As 2016 draws to a close, commentators are making the point that in western democracies a disgruntled working class has wrought the unexpected in political terms. Brexit, the election of President-elect Trump, and the rise of Hanson and the minor parties in the Australian Senate are all being sheeted home to those who believe they have been poorly served by past governments which have allowed their working and living conditions to stagnate or deteriorate.
The coming year seems likely to be just as eventful, with the European Union facing a series of referenda and general elections across its key member states. The results of the Italian referendum this month highlight the European backdrop of rising nationalism and populist politics, fuelled by the migrant crisis, terrorism, and years of austerity measures.
Commentators argue that increasing uncertainty and a sense of insecurity, combined with an increasing inequality of income and opportunity, have given rise to a protest vote that has and will continue to produce outcomes which not long ago seemed improbable.
In this edition of the newsletter, the success of the Trump campaign sees Bill Frilay channeling JK Galbraith in identifying that we are in an age of uncertainty. Tony French speculates that we may be at a turning point in capitalism. Tim Harcourt is not so bold as to discuss turning points, but asserts that, if our economies are to embrace the model of open markets, they should do so only with well-developed market institutions and social safety nets in place.
Elizabeth Thurbon & Linda Weiss argue critically that many trade agreements have produced perverse outcomes, serving rather to entrench the monopoly market powers associated with intellectual property rights. They call on our governments to focus their efforts on trade deals which take a prudent approach to market access and a tough line on rent-seeking.
If we were to adopt a Christian social thought meta-narrative to what has occurred, we would perhaps not be quite so surprised as it seems were the commentators. Stephen Pope in Commonweal Magazine argues that Trump campaign proposals run directly contrary to core values affirmed by social teachings – solidarity, the preferential option for the poor, the common good, stewardship of the planet, and the intrinsic dignity of every person regardless of race, religion, or gender.
Arguably, over the 125 years since Pope Leo XIII issued his encyclical Rerum Novarum, Christian social thought has evolved based on the application of Christian moral precepts and a sound understanding of developments in the social sciences.
On the other hand, the neoliberal policy agenda adopted in most western economies over the last 30 years or so has focused on deregulation of markets and the institutions, and on regulations to control them. This blind faith in the power of the markets to self-regulate and produce optimal outcomes through the so called ‘trickle-down effect’ has proven to be misplaced.
The increasing income inequality in many western economies, Australia included, is a stark indicator of the real outcomes of these policies. Gary Harkin (link) outlines the effect of record housing prices forcing young and low-income people out of the housing market, and the inadequacy of secure long-term rental housing, especially after retirement.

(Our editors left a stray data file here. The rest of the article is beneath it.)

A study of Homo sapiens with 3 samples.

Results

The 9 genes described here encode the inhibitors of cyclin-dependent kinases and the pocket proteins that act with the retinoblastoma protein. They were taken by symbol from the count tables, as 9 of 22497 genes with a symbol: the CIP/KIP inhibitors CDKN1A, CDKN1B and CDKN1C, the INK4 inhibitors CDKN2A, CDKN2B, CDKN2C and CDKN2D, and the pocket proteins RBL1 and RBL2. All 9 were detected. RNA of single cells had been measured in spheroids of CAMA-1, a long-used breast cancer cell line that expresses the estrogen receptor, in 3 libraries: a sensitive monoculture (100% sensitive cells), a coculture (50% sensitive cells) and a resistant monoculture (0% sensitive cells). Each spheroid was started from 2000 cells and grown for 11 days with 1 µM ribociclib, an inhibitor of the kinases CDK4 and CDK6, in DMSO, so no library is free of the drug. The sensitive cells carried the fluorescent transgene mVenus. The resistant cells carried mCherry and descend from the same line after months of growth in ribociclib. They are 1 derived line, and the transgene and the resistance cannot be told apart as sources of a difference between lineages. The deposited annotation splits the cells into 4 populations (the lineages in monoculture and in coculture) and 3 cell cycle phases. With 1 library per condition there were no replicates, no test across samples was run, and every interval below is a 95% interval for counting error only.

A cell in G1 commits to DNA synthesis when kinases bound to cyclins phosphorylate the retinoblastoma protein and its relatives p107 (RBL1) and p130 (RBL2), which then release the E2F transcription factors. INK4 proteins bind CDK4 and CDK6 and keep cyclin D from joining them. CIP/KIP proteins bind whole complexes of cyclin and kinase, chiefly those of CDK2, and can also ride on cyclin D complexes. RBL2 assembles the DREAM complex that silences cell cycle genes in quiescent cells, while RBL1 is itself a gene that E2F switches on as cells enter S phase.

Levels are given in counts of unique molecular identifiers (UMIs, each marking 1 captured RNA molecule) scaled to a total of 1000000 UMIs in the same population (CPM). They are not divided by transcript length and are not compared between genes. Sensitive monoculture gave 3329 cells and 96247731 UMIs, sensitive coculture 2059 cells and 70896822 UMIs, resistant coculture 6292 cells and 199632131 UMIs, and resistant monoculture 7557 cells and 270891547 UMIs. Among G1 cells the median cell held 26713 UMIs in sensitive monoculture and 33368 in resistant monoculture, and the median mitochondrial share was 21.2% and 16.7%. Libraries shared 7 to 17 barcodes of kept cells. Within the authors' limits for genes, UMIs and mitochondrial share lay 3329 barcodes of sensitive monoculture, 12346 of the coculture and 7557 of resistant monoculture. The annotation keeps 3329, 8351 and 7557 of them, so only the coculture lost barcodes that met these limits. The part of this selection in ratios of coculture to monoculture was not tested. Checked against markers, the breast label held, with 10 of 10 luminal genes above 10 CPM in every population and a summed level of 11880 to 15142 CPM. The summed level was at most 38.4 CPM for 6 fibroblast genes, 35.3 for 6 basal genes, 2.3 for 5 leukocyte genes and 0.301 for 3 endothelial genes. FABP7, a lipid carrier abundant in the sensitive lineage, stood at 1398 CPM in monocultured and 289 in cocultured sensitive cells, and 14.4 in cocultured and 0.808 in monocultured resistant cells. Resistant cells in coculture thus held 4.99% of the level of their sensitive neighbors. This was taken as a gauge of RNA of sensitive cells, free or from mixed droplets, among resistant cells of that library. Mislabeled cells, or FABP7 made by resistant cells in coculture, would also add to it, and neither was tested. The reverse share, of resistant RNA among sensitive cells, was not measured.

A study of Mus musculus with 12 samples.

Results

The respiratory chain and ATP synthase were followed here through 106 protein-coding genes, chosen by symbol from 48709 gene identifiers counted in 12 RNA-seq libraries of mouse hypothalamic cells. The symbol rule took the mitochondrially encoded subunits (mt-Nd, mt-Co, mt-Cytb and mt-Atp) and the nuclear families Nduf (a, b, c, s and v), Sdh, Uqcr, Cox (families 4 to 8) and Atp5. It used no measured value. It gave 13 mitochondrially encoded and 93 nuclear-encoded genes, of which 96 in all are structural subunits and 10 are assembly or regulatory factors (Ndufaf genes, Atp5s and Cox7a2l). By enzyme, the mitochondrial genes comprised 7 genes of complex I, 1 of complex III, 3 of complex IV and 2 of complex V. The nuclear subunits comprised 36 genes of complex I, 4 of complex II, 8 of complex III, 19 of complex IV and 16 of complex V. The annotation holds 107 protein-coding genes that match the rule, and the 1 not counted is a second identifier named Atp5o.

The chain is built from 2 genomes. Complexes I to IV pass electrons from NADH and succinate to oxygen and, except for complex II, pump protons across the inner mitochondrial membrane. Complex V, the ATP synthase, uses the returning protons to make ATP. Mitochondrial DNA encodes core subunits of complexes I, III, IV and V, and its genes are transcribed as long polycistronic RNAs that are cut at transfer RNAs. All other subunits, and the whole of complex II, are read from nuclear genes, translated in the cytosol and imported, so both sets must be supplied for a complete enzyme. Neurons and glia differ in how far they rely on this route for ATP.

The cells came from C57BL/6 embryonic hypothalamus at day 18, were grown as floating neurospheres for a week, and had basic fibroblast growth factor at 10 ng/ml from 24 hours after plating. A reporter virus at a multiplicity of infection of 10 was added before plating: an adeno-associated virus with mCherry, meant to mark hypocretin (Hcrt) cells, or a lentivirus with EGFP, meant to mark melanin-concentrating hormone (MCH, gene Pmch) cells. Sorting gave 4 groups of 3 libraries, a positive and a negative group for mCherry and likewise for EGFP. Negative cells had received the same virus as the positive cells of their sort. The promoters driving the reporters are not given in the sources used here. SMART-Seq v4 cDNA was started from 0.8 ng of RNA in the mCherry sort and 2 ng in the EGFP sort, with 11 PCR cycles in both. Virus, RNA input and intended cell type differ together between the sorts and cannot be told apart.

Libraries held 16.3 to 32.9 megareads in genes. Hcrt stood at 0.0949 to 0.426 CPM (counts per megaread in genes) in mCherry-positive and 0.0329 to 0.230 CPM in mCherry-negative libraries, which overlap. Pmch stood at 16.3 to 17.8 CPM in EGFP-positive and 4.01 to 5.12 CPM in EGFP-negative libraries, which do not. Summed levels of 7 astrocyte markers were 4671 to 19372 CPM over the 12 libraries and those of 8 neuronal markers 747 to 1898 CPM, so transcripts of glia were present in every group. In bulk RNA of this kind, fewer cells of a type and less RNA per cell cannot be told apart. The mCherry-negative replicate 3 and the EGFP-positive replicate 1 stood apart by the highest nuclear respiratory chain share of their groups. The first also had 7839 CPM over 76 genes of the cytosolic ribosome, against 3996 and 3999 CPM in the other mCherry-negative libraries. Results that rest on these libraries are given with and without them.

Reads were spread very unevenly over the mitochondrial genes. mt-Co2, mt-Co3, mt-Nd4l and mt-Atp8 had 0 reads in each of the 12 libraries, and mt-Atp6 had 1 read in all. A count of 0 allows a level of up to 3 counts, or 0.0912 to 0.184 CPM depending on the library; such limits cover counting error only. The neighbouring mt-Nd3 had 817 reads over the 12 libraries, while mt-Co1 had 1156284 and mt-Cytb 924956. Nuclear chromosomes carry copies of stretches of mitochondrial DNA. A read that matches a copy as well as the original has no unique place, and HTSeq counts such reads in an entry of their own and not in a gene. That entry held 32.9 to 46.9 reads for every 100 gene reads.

Even more alarmingly, in his talk, Returning penalty rates to the lowest paid, given to SPC members at the AGM on 30 November, Josh Cullinan spoke about large employers in the retail and food sectors contriving to underpay their workers, already among the lowest paid. (Watch the video in the Age‘s article New Union to challenge shoppies after massive wages scandal)
Little regard was shown here for the notion of wage justice; rather, the focus was entirely on profits and dividends. Surely this demonstrates the need for increased resources in the Office of the Fair Work Ombudsman – increased not reduced oversight of the labour market. The market of itself, unregulated or poorly regulated, pays no attention to the values of Christian social thought.
If the value system of a society and its expression in its political and economic systems lose sight of the notion of wage justice, if they fail to recognise the inherent dignity of the worker and the right to a living wage, then it surely should come as no surprise that, over time, those same workers will come to lose faith in the political processes and the institutions which have overseen their demise. It surely cannot be that surprising that voices claiming they will in some manner restore the earlier status quo will be listened to, even if those voices are unproven or even false.
Clearly, a complex set of policy responses is required to begin to correct the injustices which have crept into Australian life. Let’s hope Tony French is correct, and that we are at a turning point, not just for capitalism, but for society. Let’s hope that the rampant individualism fostered by years of neoliberal thought will begin to temper in favour of the ideals so critical to the fabric of Christian social thought – the dignity of the individual, the right to a living wage, the right to be heard in the decisions of impact, and the overall adoption of the notion of the common good. Is that too much to hope for?
Finally, we wish all our friends and supporters a very happy and graced Christmas from the SPC team.
Peter Whiting is president of Social Policy Connections. Read his 2016 AGM report delivered.